Important Bench Grinder Features
The primary function of the bench grinder is to shape metal parts and sharpen blades. Generally the grinder is securely fastened to a workbench or table that can be adjusted up or down depending on the job at hand. It is most notable for the two grinding wheels that provide two grades of sanding, a very course and somewhat finer grain.
As well as sanding, buffing wheels can be applied so as to smooth down the surface of the worked metal after a rougher grind has formed it to the general shape of the finished project.
While there is a very similar, but much larger grinding tool called a pedestal grinder, most bench grinders are small enough to fit any average home workshop. They are most commonly used to sharped lawn mower blades, shears, clippers, axes, hoes and other edged tools. Bench grinders vary greatly from one brand to another and between models.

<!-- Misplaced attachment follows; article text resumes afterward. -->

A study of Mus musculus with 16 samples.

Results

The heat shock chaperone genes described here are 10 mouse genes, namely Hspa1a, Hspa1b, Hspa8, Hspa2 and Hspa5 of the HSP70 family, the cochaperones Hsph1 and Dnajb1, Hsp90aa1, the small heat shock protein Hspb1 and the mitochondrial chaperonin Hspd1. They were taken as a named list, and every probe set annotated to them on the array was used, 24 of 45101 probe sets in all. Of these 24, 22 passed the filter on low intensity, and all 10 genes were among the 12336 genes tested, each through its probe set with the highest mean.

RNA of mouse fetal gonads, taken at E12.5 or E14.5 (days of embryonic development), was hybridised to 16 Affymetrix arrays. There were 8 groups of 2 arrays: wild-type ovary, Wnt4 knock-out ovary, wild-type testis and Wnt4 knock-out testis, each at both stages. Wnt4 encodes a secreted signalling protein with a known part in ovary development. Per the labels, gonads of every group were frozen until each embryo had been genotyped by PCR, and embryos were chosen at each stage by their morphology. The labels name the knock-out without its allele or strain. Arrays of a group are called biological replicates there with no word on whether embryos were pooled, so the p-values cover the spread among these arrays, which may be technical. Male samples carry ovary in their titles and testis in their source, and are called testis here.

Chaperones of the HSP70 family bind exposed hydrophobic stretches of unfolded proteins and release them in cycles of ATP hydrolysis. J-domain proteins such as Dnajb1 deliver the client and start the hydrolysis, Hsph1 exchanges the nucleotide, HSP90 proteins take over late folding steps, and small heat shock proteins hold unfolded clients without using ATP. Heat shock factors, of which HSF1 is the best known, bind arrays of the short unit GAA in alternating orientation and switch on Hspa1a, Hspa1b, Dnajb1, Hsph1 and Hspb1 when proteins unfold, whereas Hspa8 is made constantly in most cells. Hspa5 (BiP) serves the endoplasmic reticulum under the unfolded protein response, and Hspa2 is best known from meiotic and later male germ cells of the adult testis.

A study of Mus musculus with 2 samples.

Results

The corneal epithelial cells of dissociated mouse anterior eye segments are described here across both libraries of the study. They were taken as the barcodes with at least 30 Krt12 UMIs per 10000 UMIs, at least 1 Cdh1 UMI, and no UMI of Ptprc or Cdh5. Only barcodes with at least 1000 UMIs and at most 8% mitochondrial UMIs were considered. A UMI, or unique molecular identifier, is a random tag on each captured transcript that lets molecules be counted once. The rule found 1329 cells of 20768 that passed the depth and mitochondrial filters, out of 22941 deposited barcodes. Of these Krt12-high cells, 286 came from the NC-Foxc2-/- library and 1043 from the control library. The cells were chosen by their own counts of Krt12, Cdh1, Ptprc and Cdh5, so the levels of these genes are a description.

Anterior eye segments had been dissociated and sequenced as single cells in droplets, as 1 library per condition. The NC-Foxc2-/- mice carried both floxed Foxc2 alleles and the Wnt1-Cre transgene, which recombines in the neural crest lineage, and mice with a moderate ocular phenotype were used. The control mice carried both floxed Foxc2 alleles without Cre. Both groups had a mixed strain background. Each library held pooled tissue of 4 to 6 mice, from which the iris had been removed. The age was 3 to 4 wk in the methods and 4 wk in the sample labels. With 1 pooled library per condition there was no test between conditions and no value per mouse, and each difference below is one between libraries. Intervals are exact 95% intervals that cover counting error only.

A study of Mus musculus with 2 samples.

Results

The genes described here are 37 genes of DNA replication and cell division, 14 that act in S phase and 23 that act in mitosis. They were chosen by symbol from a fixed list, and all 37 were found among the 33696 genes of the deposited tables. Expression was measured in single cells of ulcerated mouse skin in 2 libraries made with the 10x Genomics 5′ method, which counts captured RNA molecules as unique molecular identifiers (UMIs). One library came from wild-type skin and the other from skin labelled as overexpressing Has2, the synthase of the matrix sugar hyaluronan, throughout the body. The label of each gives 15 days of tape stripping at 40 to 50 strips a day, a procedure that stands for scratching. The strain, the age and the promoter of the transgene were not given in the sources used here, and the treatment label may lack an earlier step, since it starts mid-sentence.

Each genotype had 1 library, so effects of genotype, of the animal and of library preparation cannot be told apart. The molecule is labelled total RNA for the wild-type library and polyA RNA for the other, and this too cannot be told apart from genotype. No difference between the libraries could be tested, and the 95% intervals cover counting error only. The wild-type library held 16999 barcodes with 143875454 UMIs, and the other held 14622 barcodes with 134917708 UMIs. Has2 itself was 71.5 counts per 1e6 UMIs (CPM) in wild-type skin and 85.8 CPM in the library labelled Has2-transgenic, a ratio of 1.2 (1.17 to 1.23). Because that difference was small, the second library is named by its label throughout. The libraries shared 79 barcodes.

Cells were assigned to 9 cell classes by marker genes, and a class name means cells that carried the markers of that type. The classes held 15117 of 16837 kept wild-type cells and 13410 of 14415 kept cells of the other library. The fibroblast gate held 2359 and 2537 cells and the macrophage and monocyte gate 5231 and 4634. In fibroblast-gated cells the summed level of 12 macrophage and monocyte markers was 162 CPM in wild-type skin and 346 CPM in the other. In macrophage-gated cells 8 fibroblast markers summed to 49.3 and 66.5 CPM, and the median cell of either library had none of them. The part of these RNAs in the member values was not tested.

Beyond the various levels of coarseness of the grinding wheels there is a wide variety of motors that can be used to spin them. Some motors are designed to run quietly. There are motors that have variable speed controls. Some heavy-duty motors are expressly designed to minimize overheating from prolonged use.
A water tray can be added to the bench grinder so as to cool the metal being ground. It is sometimes accompanied by a tool rest for more secure work. Spark guards can be added to help divert the stream of sparks down to the floor rather than let them launch out into the general workspace of the shop.
Smaller bench grinders are sometimes fixed onto a base that can be secured with C-clamps for a mobile tool. A bench grinder can be modified with a lamp for better illumination of the work in progress. A specialized tool can also be obtained for the grinder that will allow for the sharpening of drill bits.